Wholesales for Italian wines increased last year in B.C. while overall wine wholesales fell, according to new data
Vancouver International Wine Festival executive director Harry Hertscheg examines his glass of Italian wine | Rob Kruyt

Vancouverites next month are able to attend events where there is set to be more Italian winery representation under one roof than has ever happened in the city. 

The 45th incarnation of the Vancouver International Wine Festival (VIWF), held February 24 through March 3, is slated to have representatives from 71 participating Italian wineries, as Italy is the host nation for the fourth time in the festival's history. 

The last time Italy was the host nation was 2016, when representatives from 60 Italian wineries showed up, VIWF executive director Harry Hertscheg told BIV. Other times when Italy was the theme region included 2008, when 50 of that country's wineries took part, and in 2000, when there were 38 Italian wineries, he added.

"It's every eight years that Italy is the theme region, like clockwork, those Italians," Hertscheg said.

In total, the festival is set to feature 147 wineries from 17 countries. Each winery at the main tastings pour an average of about four wines.

The festival will include 15 dinners sponsored in part by wineries, as well as many seminars and four main public tastings at the Vancouver Convention Centre – in the evenings of Feb. 29, March 1 and March 2, as well as an afternoon tasting on March 2.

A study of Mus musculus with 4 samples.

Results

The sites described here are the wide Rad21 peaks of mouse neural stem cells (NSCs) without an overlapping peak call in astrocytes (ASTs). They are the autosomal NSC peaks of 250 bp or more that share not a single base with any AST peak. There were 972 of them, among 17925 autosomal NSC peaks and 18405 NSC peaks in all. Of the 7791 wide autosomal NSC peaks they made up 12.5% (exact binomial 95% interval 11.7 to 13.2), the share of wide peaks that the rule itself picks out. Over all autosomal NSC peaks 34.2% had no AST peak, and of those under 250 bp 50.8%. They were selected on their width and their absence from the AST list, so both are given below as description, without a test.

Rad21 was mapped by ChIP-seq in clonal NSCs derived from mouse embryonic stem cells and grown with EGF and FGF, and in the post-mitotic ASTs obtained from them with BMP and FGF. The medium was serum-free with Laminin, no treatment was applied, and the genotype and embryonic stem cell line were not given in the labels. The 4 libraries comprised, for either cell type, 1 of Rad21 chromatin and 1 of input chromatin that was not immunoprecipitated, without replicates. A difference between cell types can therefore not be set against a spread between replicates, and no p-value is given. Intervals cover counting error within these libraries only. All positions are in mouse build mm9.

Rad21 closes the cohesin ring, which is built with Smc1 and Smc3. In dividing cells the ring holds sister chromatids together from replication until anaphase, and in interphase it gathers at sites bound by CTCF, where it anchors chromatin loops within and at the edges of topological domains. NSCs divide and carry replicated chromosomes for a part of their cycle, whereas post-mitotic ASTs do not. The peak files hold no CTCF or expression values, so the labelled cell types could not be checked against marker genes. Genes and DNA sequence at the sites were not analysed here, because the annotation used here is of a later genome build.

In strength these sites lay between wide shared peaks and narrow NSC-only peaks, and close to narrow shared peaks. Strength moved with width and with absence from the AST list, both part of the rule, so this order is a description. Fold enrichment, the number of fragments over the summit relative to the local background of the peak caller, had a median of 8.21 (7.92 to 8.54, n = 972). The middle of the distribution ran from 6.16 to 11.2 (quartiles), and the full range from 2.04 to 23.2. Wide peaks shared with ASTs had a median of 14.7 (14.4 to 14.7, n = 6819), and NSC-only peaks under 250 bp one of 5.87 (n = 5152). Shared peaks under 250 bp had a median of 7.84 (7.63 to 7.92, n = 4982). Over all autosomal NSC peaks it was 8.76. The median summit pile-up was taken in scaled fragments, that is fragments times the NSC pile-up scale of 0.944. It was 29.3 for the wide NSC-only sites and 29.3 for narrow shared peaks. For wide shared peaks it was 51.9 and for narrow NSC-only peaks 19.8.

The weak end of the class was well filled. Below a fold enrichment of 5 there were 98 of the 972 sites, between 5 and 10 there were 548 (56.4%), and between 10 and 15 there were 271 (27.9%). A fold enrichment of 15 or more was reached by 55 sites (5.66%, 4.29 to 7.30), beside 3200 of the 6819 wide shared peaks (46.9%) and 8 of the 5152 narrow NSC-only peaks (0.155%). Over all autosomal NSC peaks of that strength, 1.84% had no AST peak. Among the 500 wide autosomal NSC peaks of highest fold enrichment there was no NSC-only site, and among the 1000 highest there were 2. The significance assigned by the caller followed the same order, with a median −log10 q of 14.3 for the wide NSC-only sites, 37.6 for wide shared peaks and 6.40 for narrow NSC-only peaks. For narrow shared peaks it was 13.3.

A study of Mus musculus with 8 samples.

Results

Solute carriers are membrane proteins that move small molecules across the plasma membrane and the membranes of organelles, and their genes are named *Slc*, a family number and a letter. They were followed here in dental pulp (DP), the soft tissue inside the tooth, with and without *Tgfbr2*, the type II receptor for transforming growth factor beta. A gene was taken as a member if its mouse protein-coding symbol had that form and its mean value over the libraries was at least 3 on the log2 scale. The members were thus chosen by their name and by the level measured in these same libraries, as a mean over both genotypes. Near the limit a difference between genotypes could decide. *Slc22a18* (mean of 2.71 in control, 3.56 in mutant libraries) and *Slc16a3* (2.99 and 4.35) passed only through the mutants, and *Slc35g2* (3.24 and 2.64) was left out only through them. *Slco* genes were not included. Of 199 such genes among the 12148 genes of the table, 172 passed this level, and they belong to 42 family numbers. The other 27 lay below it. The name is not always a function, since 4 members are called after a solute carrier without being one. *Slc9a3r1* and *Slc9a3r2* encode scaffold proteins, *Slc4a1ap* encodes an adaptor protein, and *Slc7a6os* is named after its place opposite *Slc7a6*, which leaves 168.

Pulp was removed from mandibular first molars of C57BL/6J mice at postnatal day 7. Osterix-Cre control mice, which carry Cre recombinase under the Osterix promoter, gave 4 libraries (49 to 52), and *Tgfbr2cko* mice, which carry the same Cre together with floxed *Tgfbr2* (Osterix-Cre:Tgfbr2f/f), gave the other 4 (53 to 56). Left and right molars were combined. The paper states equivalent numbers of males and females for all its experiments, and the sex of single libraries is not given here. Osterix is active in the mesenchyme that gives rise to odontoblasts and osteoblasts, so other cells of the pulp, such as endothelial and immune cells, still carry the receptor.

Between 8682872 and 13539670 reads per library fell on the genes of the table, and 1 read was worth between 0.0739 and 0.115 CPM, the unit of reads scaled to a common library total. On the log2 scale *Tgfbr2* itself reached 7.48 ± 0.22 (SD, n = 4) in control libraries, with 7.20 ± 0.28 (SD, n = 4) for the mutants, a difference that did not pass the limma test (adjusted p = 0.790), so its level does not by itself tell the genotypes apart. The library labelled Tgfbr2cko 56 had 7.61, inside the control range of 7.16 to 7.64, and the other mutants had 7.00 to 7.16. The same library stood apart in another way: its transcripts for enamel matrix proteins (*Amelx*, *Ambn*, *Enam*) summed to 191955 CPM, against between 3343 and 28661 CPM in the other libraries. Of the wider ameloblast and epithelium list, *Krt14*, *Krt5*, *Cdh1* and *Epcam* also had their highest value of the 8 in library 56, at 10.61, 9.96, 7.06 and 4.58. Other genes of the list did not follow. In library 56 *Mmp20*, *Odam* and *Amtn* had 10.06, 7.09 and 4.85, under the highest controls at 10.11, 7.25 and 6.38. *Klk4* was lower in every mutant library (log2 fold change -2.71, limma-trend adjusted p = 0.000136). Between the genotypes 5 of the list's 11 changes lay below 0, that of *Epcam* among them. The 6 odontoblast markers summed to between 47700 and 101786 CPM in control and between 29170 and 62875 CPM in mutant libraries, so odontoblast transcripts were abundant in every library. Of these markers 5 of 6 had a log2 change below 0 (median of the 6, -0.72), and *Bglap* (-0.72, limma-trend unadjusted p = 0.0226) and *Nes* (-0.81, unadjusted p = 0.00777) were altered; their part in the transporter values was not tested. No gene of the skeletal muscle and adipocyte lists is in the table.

A temporary British Columbia Liquor Distribution Branch (BCLDB) store is planned to be next to the tasting room at the convention centre, and to be in operation during the events. All wine poured in the tasting rooms are expected to be available at that store, although many listings sell out quickly, Hertscheg said. 

He added that about 75 per cent of the wines poured in the tasting room, and available for sale in the pop-up liquor store, are unlisted, speculative products or wines not generally sold in the province. 

The high number of Italian wineries is set to turbo-charge sales of that country's wine in B.C. 

Interest in Italian wines has already been on the upswing, outpacing sales growth for wine in B.C. overall.

Indeed, overall sales for wine in B.C. are falling. 

BIV crunched new BCLDB data for the 2023 calendar year, and found that the value of its wine wholesales to its own stores, to private stores and to restaurants and bars in the province, despite inflation, fell 3.39 per cent, or $40,223,235, to $1,146,898,037, compared with 2022. By volume, those wholesale customers bought 69,229,902 litres of wine in 2023, down 4,876,399 litres, or 6.58 per cent, compared with 2022. 

Italian wine sales outperformed.

Wholesale customers bought $117,656,001 worth of Italian wine from the BCLDB in 2023, up 0.92 per cent from the $116,581,483 spent the year before. By volume, however, wholesales for Italian wine also declined: 3.38 per cent to 5,643,122 litres in 2023, from 5,834,732 litres in 2022. 

Evidence that ongoing comparatively high inflation and higher interest rates might be cutting into consumers' budgets may have been on display, given that the fourth quarter of 2023 was the one with the steepest declines in wine wholesales.

Wholesale customers spent $305,279,455 on all wine in the quarter that ended Dec. 31, down $44,338,697, or 12.68 per cent, from the same quarter in 2022. By volume, those customers bought 18,606,814 litres of wine in the quarter that ended Dec. 31, down 2,463,629 litres, or 11.69 per cent, from the same quarter in 2022, according to BCLDB statistics.